If they need advice about punctuation I refer them to Noah Lukeman's The Art of Punctuation (A Dash of Style in the U.S.).
If it's grammar, spelling or syntax then I move on, leaving other writers to pile in with their helpful suggestions to consult Lynne Truss's remarkably successful Eats, Shoots and Leaves.
I hesitate to recommend Fowler's Modern English Usage for fear it may intimidate. If all you really want to know, right now, this second, are the correct uses of 'lay' and 'lie', then Fowler's is not your best immediate ally.
When using Fowler's you can be too easily sidetracked chasing up references. It's all very diverting, and very educative, but when you have a job to do, a deadline to meet ...
As in a street brawl - you need additional brawn, not brains, at that tense, eyeballing moment when you want to avoid a scrap. Fowler's is your trainer, your coach, not your sidekick. Fowler's will talk you through six rounds of a sparring bout, but will not come to your aid on Las Ramblas at 2.45 a.m. when confronted with a bottle-wielding drunk.
With Correct English you can get in, get it, get out, and get on with whatever is you're working on.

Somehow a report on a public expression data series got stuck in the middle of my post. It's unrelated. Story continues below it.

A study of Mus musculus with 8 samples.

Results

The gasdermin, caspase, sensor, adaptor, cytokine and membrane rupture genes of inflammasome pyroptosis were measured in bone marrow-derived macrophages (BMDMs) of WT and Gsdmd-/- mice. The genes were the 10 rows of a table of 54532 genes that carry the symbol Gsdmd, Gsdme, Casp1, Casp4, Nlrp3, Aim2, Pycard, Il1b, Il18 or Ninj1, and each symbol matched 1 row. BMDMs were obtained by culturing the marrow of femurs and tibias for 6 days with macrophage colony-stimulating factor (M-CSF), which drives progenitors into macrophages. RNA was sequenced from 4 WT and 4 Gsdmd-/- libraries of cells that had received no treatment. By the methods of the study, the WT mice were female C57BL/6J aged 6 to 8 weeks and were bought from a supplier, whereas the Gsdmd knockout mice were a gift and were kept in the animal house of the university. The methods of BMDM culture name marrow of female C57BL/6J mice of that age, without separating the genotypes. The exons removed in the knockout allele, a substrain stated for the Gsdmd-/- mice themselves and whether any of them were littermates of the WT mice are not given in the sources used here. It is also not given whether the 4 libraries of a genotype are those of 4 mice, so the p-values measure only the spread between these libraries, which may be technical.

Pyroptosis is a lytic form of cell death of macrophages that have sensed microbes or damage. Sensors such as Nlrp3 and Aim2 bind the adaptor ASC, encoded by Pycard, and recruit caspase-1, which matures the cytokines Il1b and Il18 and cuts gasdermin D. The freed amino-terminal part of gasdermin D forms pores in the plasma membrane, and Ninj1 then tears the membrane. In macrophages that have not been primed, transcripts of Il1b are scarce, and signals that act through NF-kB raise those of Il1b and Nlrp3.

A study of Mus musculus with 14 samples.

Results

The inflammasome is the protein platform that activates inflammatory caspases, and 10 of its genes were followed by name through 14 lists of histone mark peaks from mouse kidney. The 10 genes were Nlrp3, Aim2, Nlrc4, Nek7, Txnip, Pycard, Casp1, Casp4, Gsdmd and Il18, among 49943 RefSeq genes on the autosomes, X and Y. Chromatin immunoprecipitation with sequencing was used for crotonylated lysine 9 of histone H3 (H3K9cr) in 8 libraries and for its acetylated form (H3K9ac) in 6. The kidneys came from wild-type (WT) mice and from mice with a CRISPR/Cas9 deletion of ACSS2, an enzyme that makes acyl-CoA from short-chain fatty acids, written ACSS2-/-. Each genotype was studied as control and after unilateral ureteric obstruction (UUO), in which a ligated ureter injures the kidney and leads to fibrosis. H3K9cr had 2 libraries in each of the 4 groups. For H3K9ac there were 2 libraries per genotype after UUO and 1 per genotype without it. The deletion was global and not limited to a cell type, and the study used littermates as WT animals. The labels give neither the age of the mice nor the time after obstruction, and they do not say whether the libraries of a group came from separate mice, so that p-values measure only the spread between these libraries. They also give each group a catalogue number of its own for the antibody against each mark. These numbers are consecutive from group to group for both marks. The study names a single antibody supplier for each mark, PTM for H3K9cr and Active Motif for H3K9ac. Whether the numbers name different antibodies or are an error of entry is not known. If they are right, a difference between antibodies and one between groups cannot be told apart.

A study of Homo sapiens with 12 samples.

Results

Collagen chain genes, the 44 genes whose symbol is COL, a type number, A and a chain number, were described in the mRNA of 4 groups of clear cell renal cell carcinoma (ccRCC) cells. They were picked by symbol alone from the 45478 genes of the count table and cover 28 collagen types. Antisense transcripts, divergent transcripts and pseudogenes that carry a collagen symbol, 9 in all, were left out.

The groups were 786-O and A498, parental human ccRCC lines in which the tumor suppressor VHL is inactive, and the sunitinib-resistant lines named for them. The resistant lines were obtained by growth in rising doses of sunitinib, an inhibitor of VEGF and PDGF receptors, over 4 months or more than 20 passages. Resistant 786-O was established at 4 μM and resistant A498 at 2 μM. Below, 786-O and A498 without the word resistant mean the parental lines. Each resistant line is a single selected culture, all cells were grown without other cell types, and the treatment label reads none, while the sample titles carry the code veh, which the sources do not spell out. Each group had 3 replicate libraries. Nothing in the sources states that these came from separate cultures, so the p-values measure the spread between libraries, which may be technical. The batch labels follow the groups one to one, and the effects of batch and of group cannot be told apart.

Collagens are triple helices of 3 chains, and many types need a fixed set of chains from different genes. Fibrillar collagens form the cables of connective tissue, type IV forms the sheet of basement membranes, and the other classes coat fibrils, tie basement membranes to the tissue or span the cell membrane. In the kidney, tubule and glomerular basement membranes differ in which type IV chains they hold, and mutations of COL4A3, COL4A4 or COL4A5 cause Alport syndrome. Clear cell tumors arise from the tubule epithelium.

If you don't need a micro-treatise on a, b and c, and you need to know x, y and z, right here, right now, then Correct English is a guide to have within easy reach of the desk.
Unlike Fowler's, Correct English is unafraid to discuss regional variants; it contains a succinct couple of pages on "Scotch, Scottish, Scots", and examples of Yorkshire usage.
And, if you're keen to practice, Correct English contains a useful series of tests on grammar, punctuation, spelling and vocabulary.
Do not be tricked by its lack of a respected colophon, or its seeming 'Ingerlish for Dummies' appearance, Correct English is a useful tool.